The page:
Passing through any airport, the tenacious temptation remains the duty-free or travel retail sector. Whether you’re flying for business or pleasure, there’s a degree of compulsion that each trip should be furnished and enhanced with a bottle of whisky.
Except that what once was a bountiful realm of possibilities has stagnated and become eroded. The buying power of the supermarkets has pushed down prices leaving scant reward for travellers. What remains is a cluster of specially conceived exclusives – often minus an age statement or real details – that only fill a void and leave the whisky drinker feeling somewhat cold. Recently, we’ve seen more single cask releases that have been promptly snapped up by a fortunate few and seemingly destined for an auction site near you.
A recent fleeting visit to Malaga confirmed much of the above remains true. Anyone looking for DYC on the shelves would be disappointed. Instead it was your usual cavalcade of familiar brands all nicely positioned and lit. Blends faired better with 1 litre options of prominent brands well under 20 Euros. At times I wonder about the makeup of such blends and if there is any profit to be made.
Alcohol has never been cheaper and yet the Scotch Whisky Association – propelled by the conglomerates membership that stand behind it – consistently highlight the so called unfair percentage that represents their tax burden. Given that many of these firms no longer have their headquarters in the UK and are set up for tax efficiency, or avoidance, depending on your point of view. To an onlooker such as myself, it smacks of greed and a degree of hypocrisy. Do you think any tax break would be passed in full onto the consumer? Anyone that believes so is extremely naive.
As much as I have issues with the Scottish government and believe me there are times when Nicola could do with a good boot up the backside, or taking some responsibility rather than blaming XYZ. The issue on minimum pricing and attempting to deal with the medical issues and subsequent bills can only be a good thing. As someone with a decent circle of whisky friends and an even wider spectrum of familiar faces.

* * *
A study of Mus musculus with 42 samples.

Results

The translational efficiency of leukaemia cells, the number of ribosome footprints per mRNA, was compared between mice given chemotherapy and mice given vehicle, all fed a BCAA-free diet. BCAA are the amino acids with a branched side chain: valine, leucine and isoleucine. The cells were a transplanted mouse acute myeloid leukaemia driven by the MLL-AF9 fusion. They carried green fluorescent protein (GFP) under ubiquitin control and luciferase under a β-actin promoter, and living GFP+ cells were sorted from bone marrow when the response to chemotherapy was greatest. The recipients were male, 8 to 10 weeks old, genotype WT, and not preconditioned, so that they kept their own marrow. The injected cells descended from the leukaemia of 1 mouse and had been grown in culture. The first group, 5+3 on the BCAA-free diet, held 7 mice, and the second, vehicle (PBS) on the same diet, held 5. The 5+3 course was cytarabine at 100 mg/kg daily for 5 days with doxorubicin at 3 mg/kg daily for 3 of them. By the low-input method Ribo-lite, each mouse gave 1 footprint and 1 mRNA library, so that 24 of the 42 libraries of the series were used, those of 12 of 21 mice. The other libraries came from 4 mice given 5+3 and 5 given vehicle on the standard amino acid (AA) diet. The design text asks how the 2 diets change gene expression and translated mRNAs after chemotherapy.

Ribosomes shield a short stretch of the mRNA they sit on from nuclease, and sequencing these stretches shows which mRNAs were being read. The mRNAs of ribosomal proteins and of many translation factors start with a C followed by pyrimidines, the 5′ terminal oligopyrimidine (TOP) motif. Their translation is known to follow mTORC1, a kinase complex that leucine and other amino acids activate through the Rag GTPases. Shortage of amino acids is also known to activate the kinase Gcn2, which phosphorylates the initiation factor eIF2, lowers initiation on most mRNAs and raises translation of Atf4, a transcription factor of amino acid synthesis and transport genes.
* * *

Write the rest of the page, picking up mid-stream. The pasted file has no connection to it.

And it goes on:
I look on in horror as some friends adopt a vast and increasingly sustained intake. Eventually something has to give and it won’t be the tax burden. Everything in moderation.
Meanwhile my expectations were extremely low venturing through Malaga airport. Wine seemed the dominant focus. A small yet healthy selection of rums made for interesting browsing prior to the whiskies across the back wall. There was little temptation. The array of bottles all seemed of the same ilk with the best casks, master blender inspiration and the fairy tale monsters.
In the corner unfortunately near the horror that is Jura, resided Cardhu. Vastly overpriced in the UK, the No Age Statement Gold Reserve has been on special for what seems like most of 2017. Here it was a more palatable 26 Euros. Not a great whisky by any stretch of the imagination my earlier Cardhu Gold Reserve review was a frustrating experience. However, its older sibling in the form of the 12 year old was heavily discounted to a very reasonable 22 Euros. That’ll do I commented, before purchasing a bottle and making haste towards the departure queue and hence this review.
Cardhu 12 Year Old – review
On the nose: a toffee apple emphasis with a subtle layer of cinnamon and orange pips. There’s a vanilla freshness but generally its a pretty drab and safe nosing experience. I was going to say golden syrup but I’m leaning towards Lucozade. A touch of chilli flakes, caramel with honey, cereal notes and at the end mint leaf.
In the mouth: very pedestrian with caramel, malty, a sprinkling of ginger and more of that sweet cinnamon. There’s a porridge aspect and vanilla meringues. The finish becomes all nutty with just a little heat of alcohol burn appearing on the horizon. Water reveals very little except honey and some decaying apples.
Duller than Jura was the punchline. It probably swims a fairly benign existence whereas Jura loves to be loathed and for good reason. Compared to Jura, the spirit here is well made and has resided in decent casks. It’s then been taken down to 40%, been filtered to within an inch of its life and coloured more than the Nose on his summer holidays minus any sunscreen protection.
However, it’s an entry-level whisky. We should not be snobs here at Malt! I acknowledge I’m fortunate to try all sorts of wonderful whiskies – sourced from my own wallet – and journey back across time itself. This voyage included a Cardhu 12 year old from the 1980’s and today’s exponent is a pale shadow of its former self.
Yet there is a place for the Cardhu 12 year old for those comforted by its approachable features and limited experience portfolio. Yes, at £40 in the UK it’s terribly overpriced. For the airport traveller, 22 Euros seems more fitting although in a couple of years sterling will be almost worthless. Yet if you actually find this type of whisky appealing then I’d point you towards the Aldi Glen Marnoch Speyside single malt. Retailing for under £20 it offers far more flavoursome and a richer experience for more than half the price – you don’t need to be Einstein to work it out.